In 1978 NASA scientist Donald J. Kessler proposed a theoretical scenario in which the density of objects in low Earth orbit due to space pollution becomes high enough that collisions between objects starts to cause a chain reaction whereby each collision generates more space debris, which then increases the likelihood of further collisions. One implication of the ‘Kessler effect’ is that the distribution of debris in orbit could render space activities and the use of satellites difficult for generations to come.
Last week Elon Musk’s SpaceX launched 60 new Starlink satellites into orbit, adding to the 6,000 satellites that are currently circling our tiny planet. Of these 6,000 satellites, approximately 60% are now defunct space junk, according to The Union of Concerned Scientists. But defunct satellites are only a small part of the problem of pollution in space. Over 34,000 items of space junk larger than 10cm in size have been mapped, and there are millions of items of smaller debris that are still large enough to damage a telecom satellite. This number is also growing as the frequency of satellites being sent into orbit accelerates.
A consequence of all of this space junk is that hundreds of collision avoidance manoeuvres are performed each year, including by the International Space Station (ISS) where astronauts live. Removing this debris is expensive. In 2020 the European Space Agency signed a $105 million contract with Swiss startup ClearSpace to ‘snare’ large items of space debris and move them closer to the Earth’s atmosphere where they will burn up. Clearspace is developing a robot-like spacecraft that will have four arms.
Using Space Debris To Propel A Spacecraft
Unfortunately, as well as being expensive, the ClearSpace method of capturing large debris and moving it into the atmosphere is not applicable to thousands of dead satellites or millions of smaller items of space junk. That’s why UK start-up SHIPinSPACE plans to build a ‘Space Debris-fed Spacecraft’ (DefeS). The DefeS will be 4 metres in diameter and powered by solar cells. DefeS will use artificial intelligence to track and search for space junk.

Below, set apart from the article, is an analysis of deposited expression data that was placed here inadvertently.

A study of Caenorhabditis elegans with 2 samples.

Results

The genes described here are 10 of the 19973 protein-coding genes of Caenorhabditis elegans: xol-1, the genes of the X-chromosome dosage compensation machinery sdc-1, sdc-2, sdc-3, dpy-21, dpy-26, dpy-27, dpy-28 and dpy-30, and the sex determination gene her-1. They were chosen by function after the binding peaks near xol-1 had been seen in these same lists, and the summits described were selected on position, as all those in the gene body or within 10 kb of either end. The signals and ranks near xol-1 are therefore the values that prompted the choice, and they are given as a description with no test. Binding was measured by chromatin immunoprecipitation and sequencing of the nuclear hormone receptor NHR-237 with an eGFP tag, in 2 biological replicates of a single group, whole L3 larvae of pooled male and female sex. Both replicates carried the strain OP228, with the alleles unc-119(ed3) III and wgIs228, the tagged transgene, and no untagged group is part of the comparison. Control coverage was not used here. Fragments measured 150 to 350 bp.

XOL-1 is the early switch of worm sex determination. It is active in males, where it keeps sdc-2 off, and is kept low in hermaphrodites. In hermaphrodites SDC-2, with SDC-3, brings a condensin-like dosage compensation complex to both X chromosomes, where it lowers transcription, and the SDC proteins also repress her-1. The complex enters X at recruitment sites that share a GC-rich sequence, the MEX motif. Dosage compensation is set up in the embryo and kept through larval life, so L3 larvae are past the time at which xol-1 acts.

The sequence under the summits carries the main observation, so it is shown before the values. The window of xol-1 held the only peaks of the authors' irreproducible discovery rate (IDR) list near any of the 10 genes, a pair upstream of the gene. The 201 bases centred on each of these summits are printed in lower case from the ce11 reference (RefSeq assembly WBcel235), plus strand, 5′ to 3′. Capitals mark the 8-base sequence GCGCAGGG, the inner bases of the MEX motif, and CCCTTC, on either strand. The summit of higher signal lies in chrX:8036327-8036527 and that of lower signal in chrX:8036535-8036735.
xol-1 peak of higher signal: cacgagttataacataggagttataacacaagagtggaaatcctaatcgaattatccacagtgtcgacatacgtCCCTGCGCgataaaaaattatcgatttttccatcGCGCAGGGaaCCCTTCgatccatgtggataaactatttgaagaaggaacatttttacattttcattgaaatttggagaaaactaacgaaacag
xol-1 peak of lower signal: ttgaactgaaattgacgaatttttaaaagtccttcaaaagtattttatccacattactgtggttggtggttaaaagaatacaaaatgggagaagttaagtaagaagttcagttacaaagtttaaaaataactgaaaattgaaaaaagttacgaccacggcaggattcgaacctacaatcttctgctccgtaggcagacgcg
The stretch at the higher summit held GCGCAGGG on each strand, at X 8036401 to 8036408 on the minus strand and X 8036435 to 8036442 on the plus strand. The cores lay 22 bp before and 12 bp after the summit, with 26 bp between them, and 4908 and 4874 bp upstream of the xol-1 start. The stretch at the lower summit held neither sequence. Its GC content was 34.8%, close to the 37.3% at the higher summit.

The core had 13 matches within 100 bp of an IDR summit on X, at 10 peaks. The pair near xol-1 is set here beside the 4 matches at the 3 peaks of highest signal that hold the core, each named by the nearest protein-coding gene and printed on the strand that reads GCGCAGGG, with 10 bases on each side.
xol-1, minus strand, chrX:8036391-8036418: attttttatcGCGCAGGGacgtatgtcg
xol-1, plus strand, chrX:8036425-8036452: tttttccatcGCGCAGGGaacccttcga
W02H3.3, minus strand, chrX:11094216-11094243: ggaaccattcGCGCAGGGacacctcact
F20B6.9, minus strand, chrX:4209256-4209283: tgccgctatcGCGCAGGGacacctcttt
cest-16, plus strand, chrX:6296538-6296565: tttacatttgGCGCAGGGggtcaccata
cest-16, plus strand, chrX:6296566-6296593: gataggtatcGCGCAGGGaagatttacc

The DefeS system is unique because rather than moving space debris into the atmosphere to burn up, it will capture and burn space debris directly and use the energy to generate its own thrust in a self-perpetuating virtuous loop. First the DefeS will ‘swallow’ space junk into an incinerator, where the space junk will be vaporized by a few robotic-arm-driven lasers. The sublimated vapours will then be channelled through a system that can either use a turbo compressor to supply a gas tank to be used in an ion-thruster or directly discharge to vacuum to create the thrust needed to move the DefeS.
By using space debris to create new propellant that will be used to track other space debris, the SHIPinSPACE approach is efficient and also sustainable. The simplicity of not needing to ‘capture’ debris with robotic arms and then send it back toward earth means that the solution is highly versatile and extremely cost effective, at least in space terms.
Using lasers to sublimate space debris is not new, but the concept of creating a laboratory within an autonomous AI-power spacecraft, where a laser can be used safely, is novel. The benefit is that if something goes wrong with a laser, damage is confined within the DefeS, though the DefeS will also be equipped with lasers that can annihilate larger objects, such as bulky rocket stages, when at close proximity.
Funding The Clean-up Of Space
SHIPinSPACE is a start-up, but what is clear is that the future development budget for concepts such as the DefeS should be provided by international space agencies such as NASA, ESA, ROSCOSMOS, CNSA, JAXA. Private space companies led by billionaire technologists such as Jeff Bezos and Elon Musk also have a responsibility to reduce the space debris risks in order to safely operate their businesses.
Artificial intelligence must drive the operations if continuous debris removal is going to succeed. A spacecraft such as the DefeS must be able to autonomously map debris and use its tracking subsystem to drive the ion-thruster to provide thrust in such a way as to get to the next piece of space debris in an entirely autonomous way. Building ten spacecraft of this size could drop the number of items of large size space debris by 30% in 10 years. Today that figure may seem optimistic, but these projects always seem impossible – until they’re done.